A towering bronze and granite monument to the Confederacy in Arlington National Cemetery depicts Southerners gallantly marching off to the Civil War -- and their Black slaves holding a white soldier's baby and following troops obediently.
Ringing the memorial, built in 1914, are shields listing the states that violently rebelled against the U.S. in an attempt to break away and keep about 4 million people in bondage.
"It is problematic from the top to the bottom," retired Brig. Gen. Ty Seidule, the vice chair of the Naming Commission, told a press gathering on Tuesday.
The Navy guided-missile cruiser is named after the Battle of Chancellorsville in 1863, which was a Confederate victory and a major win for Gen. Robert E. Lee, one of the South's most skilled military leaders. Confederate Lt. Gen. Thomas "Stonewall" Jackson was mortally wounded during the battle, according to the American Battlefield Trust.
"What did they say when they commissioned the ship? We looked at what used to be in the boardroom, and there were pictures of Lee and Jackson in the boardroom, and that's been taken out since then," Seidule said. "So we looked at the entire context and felt as though this commemorated the Confederacy, as a unanimous decision among the eight commissioners."
The USNS Maury, a Military Sealift Command oceanographic survey ship, should also be renamed, the panel concluded. The ship is named after a pioneer of oceanography and naval officer who later joined the Confederacy.
The commission has completed three reports since August with sweeping recommendations for the Pentagon, which include renaming Fort Hood, Texas; Fort Bragg, North Carolina; Fort Benning, Georgia; and six other military bases in the South. It also said West Point and the Naval Academy should strip the names of Confederate military leaders from buildings and property.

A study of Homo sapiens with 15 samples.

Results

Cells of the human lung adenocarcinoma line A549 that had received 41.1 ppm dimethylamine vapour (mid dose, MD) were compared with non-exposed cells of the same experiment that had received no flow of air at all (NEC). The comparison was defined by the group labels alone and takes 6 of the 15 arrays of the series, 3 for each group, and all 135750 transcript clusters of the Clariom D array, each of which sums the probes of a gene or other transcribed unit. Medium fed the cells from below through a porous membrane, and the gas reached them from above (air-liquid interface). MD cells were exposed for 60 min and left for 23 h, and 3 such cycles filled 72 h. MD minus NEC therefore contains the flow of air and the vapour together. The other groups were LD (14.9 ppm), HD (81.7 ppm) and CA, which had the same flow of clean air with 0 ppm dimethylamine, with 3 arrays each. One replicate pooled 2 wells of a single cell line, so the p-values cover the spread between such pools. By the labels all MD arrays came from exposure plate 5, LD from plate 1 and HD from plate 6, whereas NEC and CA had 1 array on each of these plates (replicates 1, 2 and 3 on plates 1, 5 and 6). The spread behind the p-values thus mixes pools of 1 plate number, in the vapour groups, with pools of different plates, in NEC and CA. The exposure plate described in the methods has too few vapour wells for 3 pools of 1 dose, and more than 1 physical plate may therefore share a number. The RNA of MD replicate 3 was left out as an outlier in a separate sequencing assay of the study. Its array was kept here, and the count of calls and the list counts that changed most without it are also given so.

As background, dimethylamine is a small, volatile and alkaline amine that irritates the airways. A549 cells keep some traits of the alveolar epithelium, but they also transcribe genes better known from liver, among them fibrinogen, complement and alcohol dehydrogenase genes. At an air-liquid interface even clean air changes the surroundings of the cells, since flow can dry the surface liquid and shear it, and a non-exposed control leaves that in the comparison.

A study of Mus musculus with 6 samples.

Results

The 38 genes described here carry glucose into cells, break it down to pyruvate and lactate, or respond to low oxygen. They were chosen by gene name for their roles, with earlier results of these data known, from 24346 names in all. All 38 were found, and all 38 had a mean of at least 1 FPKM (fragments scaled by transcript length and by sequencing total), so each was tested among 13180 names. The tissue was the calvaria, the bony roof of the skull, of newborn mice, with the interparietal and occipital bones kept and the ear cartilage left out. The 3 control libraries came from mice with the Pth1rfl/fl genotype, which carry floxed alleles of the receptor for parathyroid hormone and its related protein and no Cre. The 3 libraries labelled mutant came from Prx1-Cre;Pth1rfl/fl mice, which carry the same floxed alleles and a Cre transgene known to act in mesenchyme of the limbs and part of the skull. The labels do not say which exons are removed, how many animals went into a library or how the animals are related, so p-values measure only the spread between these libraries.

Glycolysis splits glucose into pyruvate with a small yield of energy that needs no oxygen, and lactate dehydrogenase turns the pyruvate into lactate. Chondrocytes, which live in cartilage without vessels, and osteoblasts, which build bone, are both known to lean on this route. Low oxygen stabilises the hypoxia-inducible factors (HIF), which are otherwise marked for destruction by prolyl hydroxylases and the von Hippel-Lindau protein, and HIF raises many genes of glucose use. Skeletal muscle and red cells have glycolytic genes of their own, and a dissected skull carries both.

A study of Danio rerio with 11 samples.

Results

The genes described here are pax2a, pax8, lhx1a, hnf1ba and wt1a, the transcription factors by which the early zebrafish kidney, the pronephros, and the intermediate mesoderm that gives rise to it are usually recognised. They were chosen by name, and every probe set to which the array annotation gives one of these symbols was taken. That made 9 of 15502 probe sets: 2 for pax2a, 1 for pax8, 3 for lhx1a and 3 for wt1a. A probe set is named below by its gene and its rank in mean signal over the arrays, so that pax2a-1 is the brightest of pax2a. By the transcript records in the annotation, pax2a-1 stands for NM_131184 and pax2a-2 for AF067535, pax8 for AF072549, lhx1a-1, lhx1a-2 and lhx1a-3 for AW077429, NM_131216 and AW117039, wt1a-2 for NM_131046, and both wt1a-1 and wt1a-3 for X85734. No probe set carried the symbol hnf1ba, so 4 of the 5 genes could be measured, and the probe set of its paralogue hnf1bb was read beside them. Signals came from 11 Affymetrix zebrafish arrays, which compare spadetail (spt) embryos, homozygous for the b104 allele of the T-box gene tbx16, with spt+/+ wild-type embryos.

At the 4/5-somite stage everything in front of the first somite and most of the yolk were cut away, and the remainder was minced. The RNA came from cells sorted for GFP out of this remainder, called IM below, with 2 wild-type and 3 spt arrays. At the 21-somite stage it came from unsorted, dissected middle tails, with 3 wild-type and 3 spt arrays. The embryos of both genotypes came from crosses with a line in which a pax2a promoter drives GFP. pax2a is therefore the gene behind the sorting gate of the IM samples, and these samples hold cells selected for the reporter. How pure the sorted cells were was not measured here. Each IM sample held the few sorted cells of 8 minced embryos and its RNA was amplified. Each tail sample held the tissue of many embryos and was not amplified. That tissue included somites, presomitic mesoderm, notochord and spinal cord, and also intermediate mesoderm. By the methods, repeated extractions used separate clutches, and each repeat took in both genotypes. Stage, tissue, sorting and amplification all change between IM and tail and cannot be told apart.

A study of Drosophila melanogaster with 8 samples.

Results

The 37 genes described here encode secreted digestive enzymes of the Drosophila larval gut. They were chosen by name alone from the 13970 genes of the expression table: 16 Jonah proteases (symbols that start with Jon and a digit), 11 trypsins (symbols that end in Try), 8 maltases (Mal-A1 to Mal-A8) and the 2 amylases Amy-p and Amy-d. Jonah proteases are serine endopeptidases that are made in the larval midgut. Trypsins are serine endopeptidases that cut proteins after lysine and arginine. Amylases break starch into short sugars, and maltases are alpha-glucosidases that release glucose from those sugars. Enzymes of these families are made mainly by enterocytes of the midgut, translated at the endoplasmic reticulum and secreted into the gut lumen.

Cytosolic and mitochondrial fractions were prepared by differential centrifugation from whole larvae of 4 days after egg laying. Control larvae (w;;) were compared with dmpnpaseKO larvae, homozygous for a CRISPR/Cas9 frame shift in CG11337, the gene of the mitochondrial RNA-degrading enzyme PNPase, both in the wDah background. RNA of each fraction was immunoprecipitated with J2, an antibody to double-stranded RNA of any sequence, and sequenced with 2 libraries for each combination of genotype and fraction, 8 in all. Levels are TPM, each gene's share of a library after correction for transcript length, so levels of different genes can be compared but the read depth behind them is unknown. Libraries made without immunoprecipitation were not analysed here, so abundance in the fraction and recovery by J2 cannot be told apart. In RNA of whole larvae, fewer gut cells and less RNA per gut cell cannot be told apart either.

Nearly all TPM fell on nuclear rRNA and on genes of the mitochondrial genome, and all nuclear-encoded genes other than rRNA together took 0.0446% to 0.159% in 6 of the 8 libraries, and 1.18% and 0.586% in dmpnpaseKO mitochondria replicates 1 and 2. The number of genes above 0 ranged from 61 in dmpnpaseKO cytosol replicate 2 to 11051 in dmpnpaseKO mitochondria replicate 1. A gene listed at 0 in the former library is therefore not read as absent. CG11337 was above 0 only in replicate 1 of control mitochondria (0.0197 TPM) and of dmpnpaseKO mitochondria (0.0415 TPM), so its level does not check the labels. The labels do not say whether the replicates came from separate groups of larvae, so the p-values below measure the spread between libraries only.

The entire initiative will cost about $62 million, but the renaming could be an arduous process for some of the nation's largest Army bases, which will require changes to maps, signs, websites and any other references, retired Lt. Gen. Thomas Bostick, a commission member, said during a briefing Tuesday on the latest recommendations.
"There's some places where the secretaries can move on fairly quickly," said Bostick, who also sat on the review panel that recommended the repeal of the military's "Don't Ask, Don't Tell" policy for gay troops in 2011. "Maybe the bases are going to take some time."
The changes are supposed to be in place by the beginning of 2024, according to the law passed by Congress in December 2020.
The push from Congress to create the panel came amid a national debate on race and civil rights, including how the country remembers the Southern states that fought against the union for the cause of slavery. Many of the Confederate names and memorials were created in the 1900s as part of a movement to promote the Lost Cause mythology, which seeks to whitewash the South's motivations in the war and the suffering of slaves.
The debate is still politically charged. Former President Donald Trump vetoed the must-pass annual defense bill that included the creation of the Naming Commission over his opposition to removing Confederate names from military bases. But he was overridden by Congress.
The Arlington Confederate Memorial perpetuates the myths about the South, particularly one about how slaves were devoted to their masters, and is "perhaps the most egregious loyal slave monument," according to an article in Smithsonian Magazine in 2017.
The memorial was created after white Southern troops who died in the Civil War were reinterred at the national cemetery beginning in 1900. The graves were segregated for whites only and Black troops were "buried alongside former slaves and poor whites" until the cemetery was desegregated in 1948 by an executive order of President Harry Truman, according to Arlington National Cemetery.
-- Travis Tritten can be reached at firstname.lastname@example.org. Follow him on Twitter @Travis_Tritten.